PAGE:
Kenny Chesney shelters 17 people at his home during Irma, vows to help Virgin Islands

Country singer Kenny Chesney said Tuesday that he was heartbroken after seeing the devastation wrought by Hurricane Irma.

The Category 5 storm tore through the Caribbean last week, killing at least 38 people and destroying buildings — including the singer’s home on the US Virgin Island of St. John.

“It’s hard to put it into words because I have got so many memories, so many friends there, so many fabrics and pieces of my life on that island,” Chesney told CNN’s Anderson Cooper on “AC360.” “To see that devastation and to see what it is today when I was just there last week, is really heart breaking.”

The country music superstar has been a resident of St. John for years. He was not on the island at the time of the storm but was able to shelter 17 people at his home. They survived and, with Chesney’s help, were able to evacuate the island.

Kate Hanna lost her home to Irma and rode out the storm in Chesney’s home.

“It literally saved our lives,” Hanna said. “My house is pretty much completely destroyed.”

Hanna recounted sheltering in Chesney’s home as Irma battered the Virgin Island. “We thought we were in a safe spot and then the window blew in,” she said. “So, we went into the laundry room, and we had 17 of us including 5 dogs and four kids and we — some of the boys grabbed a couple mattresses and we ended up in there for about five hours with mattresses and a washing machine and dryer and five guys taking turns rotating in and out, holding up the door so that it wouldn’t blow in, results of flooding. Luckily, there was a shop vac in there that we were able to dump the water out and kind of keep it not from completely flooding.”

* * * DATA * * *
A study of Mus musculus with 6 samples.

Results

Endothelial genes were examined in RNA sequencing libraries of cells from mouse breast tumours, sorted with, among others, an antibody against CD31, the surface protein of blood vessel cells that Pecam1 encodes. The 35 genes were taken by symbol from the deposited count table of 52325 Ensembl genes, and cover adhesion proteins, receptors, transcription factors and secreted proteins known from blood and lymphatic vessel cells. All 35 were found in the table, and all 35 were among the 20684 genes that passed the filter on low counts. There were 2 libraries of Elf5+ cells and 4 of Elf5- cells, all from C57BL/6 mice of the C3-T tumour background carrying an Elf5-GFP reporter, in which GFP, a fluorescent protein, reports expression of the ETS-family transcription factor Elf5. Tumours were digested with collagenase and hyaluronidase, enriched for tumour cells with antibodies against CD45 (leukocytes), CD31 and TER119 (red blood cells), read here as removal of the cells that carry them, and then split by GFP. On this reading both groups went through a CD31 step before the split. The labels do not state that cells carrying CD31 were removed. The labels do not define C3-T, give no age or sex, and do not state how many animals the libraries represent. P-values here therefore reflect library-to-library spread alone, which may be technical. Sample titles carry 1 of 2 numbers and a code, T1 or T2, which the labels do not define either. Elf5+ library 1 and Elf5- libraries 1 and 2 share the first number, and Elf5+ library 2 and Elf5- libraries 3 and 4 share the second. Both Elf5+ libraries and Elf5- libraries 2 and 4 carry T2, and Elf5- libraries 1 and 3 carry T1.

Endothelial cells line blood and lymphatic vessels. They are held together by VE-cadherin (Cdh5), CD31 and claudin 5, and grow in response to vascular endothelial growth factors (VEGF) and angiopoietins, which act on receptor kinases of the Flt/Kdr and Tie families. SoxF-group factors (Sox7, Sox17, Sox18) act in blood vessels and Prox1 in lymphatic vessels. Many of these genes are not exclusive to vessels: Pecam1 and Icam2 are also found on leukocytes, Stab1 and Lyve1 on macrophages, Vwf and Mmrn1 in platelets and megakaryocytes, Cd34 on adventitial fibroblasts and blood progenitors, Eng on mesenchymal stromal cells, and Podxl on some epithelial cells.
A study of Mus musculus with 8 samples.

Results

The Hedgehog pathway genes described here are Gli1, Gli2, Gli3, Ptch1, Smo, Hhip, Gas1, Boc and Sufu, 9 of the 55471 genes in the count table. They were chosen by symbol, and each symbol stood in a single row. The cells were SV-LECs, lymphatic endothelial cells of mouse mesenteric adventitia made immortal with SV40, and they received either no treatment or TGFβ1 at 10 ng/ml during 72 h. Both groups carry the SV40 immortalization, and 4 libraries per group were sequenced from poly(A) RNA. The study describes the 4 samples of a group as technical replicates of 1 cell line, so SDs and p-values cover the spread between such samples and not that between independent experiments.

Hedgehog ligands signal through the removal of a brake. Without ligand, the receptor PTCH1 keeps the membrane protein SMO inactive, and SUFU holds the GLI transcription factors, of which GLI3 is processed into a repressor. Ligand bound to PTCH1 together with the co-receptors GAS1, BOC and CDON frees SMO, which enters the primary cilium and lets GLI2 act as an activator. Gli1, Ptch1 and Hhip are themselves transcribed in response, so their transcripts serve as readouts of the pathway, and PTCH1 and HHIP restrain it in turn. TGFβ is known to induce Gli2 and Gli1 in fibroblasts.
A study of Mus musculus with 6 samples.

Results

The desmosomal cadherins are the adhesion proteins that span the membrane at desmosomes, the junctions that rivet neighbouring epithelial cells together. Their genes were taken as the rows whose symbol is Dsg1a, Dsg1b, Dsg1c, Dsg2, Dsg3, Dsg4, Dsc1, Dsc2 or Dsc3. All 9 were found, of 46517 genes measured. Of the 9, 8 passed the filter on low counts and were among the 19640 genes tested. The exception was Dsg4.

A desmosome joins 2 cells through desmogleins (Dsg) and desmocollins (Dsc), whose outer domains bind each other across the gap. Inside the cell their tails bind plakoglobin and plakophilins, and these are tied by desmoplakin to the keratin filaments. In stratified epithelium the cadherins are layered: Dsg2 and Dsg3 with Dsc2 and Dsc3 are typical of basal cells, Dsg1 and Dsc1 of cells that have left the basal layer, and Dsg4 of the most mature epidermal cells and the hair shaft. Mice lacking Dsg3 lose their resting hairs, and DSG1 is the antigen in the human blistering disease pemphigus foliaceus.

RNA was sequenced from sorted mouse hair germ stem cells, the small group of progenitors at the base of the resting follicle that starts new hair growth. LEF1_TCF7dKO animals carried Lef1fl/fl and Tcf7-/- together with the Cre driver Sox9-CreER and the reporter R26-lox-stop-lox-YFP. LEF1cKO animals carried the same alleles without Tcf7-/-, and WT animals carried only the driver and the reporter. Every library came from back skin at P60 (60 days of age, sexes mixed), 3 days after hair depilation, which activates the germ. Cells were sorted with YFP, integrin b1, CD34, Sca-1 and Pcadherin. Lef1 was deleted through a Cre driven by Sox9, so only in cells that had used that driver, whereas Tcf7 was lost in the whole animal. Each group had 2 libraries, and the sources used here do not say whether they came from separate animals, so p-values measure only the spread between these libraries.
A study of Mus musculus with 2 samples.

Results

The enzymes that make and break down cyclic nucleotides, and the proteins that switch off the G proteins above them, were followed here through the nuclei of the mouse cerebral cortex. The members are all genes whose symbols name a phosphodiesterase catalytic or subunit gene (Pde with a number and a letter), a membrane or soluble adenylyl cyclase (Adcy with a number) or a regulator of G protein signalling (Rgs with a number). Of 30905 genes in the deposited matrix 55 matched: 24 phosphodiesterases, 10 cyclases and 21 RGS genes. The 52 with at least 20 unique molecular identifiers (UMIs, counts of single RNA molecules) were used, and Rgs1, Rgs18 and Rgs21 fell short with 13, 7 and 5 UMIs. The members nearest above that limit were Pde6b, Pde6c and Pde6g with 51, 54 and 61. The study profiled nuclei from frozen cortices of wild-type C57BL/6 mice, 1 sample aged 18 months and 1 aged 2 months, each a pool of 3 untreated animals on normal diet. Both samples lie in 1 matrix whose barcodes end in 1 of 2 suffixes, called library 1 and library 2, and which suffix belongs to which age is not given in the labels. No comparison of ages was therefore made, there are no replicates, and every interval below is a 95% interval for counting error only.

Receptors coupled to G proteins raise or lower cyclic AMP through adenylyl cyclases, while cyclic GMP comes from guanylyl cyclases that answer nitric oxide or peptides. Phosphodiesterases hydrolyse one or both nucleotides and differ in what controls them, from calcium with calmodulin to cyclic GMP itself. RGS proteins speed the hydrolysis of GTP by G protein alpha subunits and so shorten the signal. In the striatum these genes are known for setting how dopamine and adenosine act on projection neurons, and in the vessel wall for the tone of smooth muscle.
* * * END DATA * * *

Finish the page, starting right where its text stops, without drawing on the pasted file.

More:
Chesney says he’s determined to help evacuees and help the island rebuild. He created a foundation called Love for Love City to help US and British Virgin Islands victims of Hurricane Irma.

“The rebuilding is not going to be measured within a few days or a few weeks or a few months. It’s going to be measured in years, sadly enough.” Chesney added, “The heart and the spirit of that island is very resilient.”